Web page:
Electrical Home Fires a Focus During Safety Month

by | Jun 5, 2020 | Energy Cooperatives, Financial Shock, Maintenance

June is National Safety Month, a time intended to raise awareness about maintaining safety at home and at work. Electric and gas malfunctions can be hazardous, so this is a good time to review some safety tips and consider home protection plans for these systems that can enhance the safety of energy consumers in several ways.There are many well-documented safety hazards related to gas and electrical malfunctions. In a five-year period, U.S. fire departments responded to 354,400 home structure fires, which made up 27 percent of reported fires, according to the National Fire Protection Association. There was an average of 2,620 civilian fire deaths and 11,220 injuries annually. There was $6.9 billion in annual property damage. The five leading causes of home fires were cooking, heating, electrical and lighting, arson and smoking.

Electrical failure or malfunctions causing fires accounted for 13 percent of home structure fires, but had the highest number of deaths, 18 percent, and property damage, 20 percent. Nearly 40 percent of electrical fires occurred from November through February.

Electrical distribution and lighting equipment – including fixed wiring, meters, switches, receptacles, outlets, cords, plugs and lighting – accounted for 10 percent of electrical home fires. Most of these fires originated either in a bedroom, 17 percent, attic or ceiling, 12 percent, or inside a wall or other concealed space, 9 percent.

Electrical and heating home systems accounted for nearly 40 percent of deaths and more than 20 percent of injuries during the five-year period.

Gas and oil furnaces, water heaters, clothes dryers, fireplaces and gas ovens produce carbon monoxide, and more than 400 Americans die, 4,000 are hospitalized and 20,000 have had to visit an emergency room because of CO poisoning, according to the National Association of State Fire Marshals.

More than two-thirds of Americans use CO-producing heating system to heat their homes, and heating systems are responsible for 65 percent of CO-caused deaths. Only 50 percent of Americans have a CO detector in their homes, but if every home were equipped with two CO alarms, the estimated $8.8 billion annual cost of CO-caused deaths and injuries would be reduced by 93 percent.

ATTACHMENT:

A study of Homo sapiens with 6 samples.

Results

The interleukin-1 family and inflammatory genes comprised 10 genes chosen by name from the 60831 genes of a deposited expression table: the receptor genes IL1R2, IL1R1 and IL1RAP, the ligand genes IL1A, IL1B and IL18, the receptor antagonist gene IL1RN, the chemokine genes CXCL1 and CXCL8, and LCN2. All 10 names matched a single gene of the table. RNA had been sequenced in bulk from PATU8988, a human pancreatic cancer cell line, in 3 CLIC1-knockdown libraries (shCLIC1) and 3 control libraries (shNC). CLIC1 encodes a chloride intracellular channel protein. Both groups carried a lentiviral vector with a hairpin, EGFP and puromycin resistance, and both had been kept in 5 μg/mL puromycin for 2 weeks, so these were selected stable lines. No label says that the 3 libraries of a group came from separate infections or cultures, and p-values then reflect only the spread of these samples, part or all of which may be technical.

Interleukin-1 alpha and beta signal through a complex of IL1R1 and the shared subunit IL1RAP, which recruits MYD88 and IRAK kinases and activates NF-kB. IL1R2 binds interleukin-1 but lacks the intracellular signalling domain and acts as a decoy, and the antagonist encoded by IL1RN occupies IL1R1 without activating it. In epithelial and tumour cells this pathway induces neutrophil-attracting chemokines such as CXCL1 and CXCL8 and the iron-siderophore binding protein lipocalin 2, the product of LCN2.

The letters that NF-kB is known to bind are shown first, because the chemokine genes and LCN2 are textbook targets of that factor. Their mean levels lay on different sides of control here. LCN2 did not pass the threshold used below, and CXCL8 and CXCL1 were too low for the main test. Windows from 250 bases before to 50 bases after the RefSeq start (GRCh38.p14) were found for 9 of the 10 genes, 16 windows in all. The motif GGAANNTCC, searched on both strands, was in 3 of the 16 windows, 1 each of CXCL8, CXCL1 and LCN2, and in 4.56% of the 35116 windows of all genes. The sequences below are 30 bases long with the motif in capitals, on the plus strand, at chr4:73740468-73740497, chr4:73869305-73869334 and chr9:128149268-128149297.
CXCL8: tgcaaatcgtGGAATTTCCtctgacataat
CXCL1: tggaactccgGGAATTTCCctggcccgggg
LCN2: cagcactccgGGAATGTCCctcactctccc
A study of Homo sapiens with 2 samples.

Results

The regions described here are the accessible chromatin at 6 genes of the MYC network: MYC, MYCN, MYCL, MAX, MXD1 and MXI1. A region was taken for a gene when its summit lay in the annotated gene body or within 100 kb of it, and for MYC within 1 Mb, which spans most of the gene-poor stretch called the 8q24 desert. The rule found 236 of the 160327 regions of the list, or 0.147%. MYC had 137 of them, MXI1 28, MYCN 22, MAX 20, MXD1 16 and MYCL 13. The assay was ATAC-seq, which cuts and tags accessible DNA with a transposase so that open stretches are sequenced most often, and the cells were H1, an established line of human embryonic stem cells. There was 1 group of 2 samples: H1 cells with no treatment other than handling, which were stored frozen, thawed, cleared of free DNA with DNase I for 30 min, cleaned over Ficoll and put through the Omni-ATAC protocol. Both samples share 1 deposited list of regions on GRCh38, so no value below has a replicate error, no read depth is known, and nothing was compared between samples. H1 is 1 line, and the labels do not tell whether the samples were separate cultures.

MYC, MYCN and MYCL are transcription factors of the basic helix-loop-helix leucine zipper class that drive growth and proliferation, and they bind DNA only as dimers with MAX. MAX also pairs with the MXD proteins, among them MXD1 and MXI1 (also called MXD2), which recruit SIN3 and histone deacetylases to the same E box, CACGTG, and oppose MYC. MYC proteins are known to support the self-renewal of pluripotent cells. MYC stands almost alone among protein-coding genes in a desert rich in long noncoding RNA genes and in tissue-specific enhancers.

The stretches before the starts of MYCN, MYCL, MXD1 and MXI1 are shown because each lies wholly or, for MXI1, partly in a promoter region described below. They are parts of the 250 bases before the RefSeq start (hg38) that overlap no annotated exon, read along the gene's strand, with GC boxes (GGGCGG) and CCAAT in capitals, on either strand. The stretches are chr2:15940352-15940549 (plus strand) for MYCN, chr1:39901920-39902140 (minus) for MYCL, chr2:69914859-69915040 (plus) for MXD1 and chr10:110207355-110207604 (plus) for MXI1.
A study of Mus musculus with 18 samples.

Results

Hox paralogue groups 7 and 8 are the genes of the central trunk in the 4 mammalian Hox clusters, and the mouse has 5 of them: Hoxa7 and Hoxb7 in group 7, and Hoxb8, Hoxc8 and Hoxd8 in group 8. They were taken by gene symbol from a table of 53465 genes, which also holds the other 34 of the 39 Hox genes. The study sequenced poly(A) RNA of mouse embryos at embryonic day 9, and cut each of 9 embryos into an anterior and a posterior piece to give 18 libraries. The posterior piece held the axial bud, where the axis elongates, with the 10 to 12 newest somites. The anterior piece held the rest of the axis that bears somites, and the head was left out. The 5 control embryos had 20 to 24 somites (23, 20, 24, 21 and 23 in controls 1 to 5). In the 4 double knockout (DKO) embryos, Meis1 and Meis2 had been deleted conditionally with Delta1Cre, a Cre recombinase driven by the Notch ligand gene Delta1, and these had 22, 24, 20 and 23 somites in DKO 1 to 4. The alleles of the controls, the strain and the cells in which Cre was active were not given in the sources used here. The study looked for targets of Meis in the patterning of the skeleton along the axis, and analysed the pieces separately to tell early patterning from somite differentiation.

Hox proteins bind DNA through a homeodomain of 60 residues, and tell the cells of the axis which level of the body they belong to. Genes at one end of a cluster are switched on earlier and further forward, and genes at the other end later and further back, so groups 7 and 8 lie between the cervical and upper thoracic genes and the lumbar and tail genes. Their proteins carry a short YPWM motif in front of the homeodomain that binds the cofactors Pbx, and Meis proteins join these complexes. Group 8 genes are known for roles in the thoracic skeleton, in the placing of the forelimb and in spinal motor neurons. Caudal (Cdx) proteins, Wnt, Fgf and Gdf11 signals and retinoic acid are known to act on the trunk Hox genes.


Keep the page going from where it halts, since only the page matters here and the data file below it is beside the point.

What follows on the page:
While gas and electric utilities nationwide maintain an excellent safety record, there are things consumers can do to maintain a safe home, such as installing and regularly checking smoke detectors, carbon monoxide detectors and fire extinguishers, and mapping out and practicing a family fire escape plan.

There’s a wealth of safety tips available to consumers – Nationwide Insurance offers a list of electrical safety tips; the National Safety Council offers comprehensive information about carbon monoxide safety; and the American Red Cross also has videos and apps to help prepare for emergencies such as electrical home fires.

Emergency home repair plans can also help to ensure that gas, electric and heating systems are in good working order.

There are several reasons an emergency home repair plan fit into an overall safety plan:

  • Proactive attention to a problem:  A person with a plan is more apt to call for service on a small problem before the issue becomes worse, and potentially dangerous. Once on-site, contractors can check other systems to ensure there are no additional issues and if any are discovered they can be fixed immediately. 
  • Expeditious response: While it can take days for a contractor from the phone book to arrive, a home protection plan company has a defined and short response time. With HomeServe, the customer receives a call from a qualified contractor to agree upon a convenient time for the contractor to execute the repair. 
  • Careful screening/vetting: Home protection plans provide consumers access to licensed and insured local contractors who have undergone drug tests and background checks. In addition to vetting, HomeServe sends an email/text verification of who is coming, and they have records of exactly who was sent and what happened on the call.  Calling a contractor out of the phone book provides none of these safety benefits.

Having a contractor fully vetted before they arrive at a resident’s home has the added benefit of avoiding “fly-by-night,” unlicensed and uninsured contractors, which can leave the homeowner open to lawsuits or unpermitted work.

Risks include:

  • Unlicensed contractors may fail to obtain permits or their work may not be up to code. This could impact the property value or lead to liability if the homeowner sells the property.
  • If work needs to be re-done because it doesn’t meet code standards, it’s unlikely the contractor will have liability insurance or a bond, and that extra expense will fall on the homeowner.  
  • If the contractor does not carry workers compensation insurance, the homeowner who hires that contractor – and all their employees – becomes the employer, and is responsible for injuries occurring on the property.
  • If a contractor is unlicensed and causes damage to a neighboring property or person, the homeowner may be held responsible for the contractor’s actions. 

Additionally, by having a contractor vetted by a third party, homeowners can avoid common scams, such as overcharging for work, upselling unneeded services, changing costs mid-job and contractors who don’t have the expertise to properly complete the job or who deliberately use jargon homeowners don’t understand to confuse and overwhelm them.

A partnership with HomeServe enables utilities to offer emergency home repair plans that deliver best-in-class service through an extensive network of rigorously vetted local contractors. To learn more about how a partnership can benefit utilities and energy consumers, contact us.